3-hydroxy-3-methylglutaryl-CoA reductase (HMGR) is a transmembrane glycoprotein, located on the endoplasmic reticulum.1 This enzyme catalyzes the four-electron reduction of HMG-CoA to coenzyme A and mevalonate, which is the ratelimiting step in sterol biosynthesis.2 The activity of HMGR is controlled through synthesis, degradation, and phosphorylation in order to maintain the concentration of mevalonate derived products. In addition to the physiological regulation of HMGR, the human enzyme has been targeted successfully by drugs in the clinical treatment of high serum cholesterol levels.3,4 Controlling serum cholesterol levels has an important therapeutic role as hypercholesterolemia often leads to the development of atherosclerosis and consequently to cardiovascular pathologies, which might result in myocardial infarction and stroke. Recent evidence suggests that a disturbance of cholesterol homeostasis contributes to the development of a chronic inflammatory state.5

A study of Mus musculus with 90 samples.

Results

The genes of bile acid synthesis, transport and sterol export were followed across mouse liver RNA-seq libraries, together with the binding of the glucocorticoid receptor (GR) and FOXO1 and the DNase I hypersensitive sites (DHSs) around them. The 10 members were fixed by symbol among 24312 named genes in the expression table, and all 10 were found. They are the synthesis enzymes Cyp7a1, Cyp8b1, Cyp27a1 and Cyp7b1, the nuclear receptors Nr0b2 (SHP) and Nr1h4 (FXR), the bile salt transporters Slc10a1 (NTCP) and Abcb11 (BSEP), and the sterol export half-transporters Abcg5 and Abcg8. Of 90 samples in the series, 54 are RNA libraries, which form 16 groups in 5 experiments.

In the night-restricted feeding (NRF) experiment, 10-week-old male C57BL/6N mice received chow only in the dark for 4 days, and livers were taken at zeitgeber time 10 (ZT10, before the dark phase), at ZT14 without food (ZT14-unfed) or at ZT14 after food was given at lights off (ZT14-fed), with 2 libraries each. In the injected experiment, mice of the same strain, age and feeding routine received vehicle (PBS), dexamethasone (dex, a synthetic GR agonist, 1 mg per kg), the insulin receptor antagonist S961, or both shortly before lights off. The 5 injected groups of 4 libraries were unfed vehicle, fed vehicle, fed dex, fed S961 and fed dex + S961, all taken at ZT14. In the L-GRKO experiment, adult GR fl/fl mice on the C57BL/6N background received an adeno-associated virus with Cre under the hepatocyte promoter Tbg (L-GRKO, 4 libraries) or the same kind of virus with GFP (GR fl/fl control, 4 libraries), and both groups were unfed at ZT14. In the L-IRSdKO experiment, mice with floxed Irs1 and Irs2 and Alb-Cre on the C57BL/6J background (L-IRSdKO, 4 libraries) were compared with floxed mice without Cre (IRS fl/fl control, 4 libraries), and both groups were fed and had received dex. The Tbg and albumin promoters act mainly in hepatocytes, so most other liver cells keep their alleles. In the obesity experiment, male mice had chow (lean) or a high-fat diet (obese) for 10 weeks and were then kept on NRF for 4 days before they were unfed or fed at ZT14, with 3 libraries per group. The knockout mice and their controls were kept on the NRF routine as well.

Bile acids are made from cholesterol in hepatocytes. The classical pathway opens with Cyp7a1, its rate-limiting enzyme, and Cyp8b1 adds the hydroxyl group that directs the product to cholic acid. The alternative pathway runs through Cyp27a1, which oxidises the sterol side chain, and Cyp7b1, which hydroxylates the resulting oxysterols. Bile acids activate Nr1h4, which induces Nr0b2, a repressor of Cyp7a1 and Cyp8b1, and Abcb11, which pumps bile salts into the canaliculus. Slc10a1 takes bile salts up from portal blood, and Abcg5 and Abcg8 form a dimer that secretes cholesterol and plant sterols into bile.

The assay is based on a spectrophotometric measurement of the decrease in absorbance, which represents the oxidation of NADPH by the catalytic subunit of HMGR in the presence of the substrate HMG-CoA.
Figure 1.Inhibition of HMG-CoA reductase (HMGR) activity by Pravastatin.
HMG-CoA reductase activity and inhibition assay was performed in a UV compatible 96 well plate, using the HMG-CoA Reductase Assay Kit. Approximately 6 µg of the enzyme were incubated at 37 °C with 400 µM NADPH, 0.3 mg/mL HMG-CoA and different concentrations of Pravastatin that is a specific inhibitor of HMG-CoA reductase.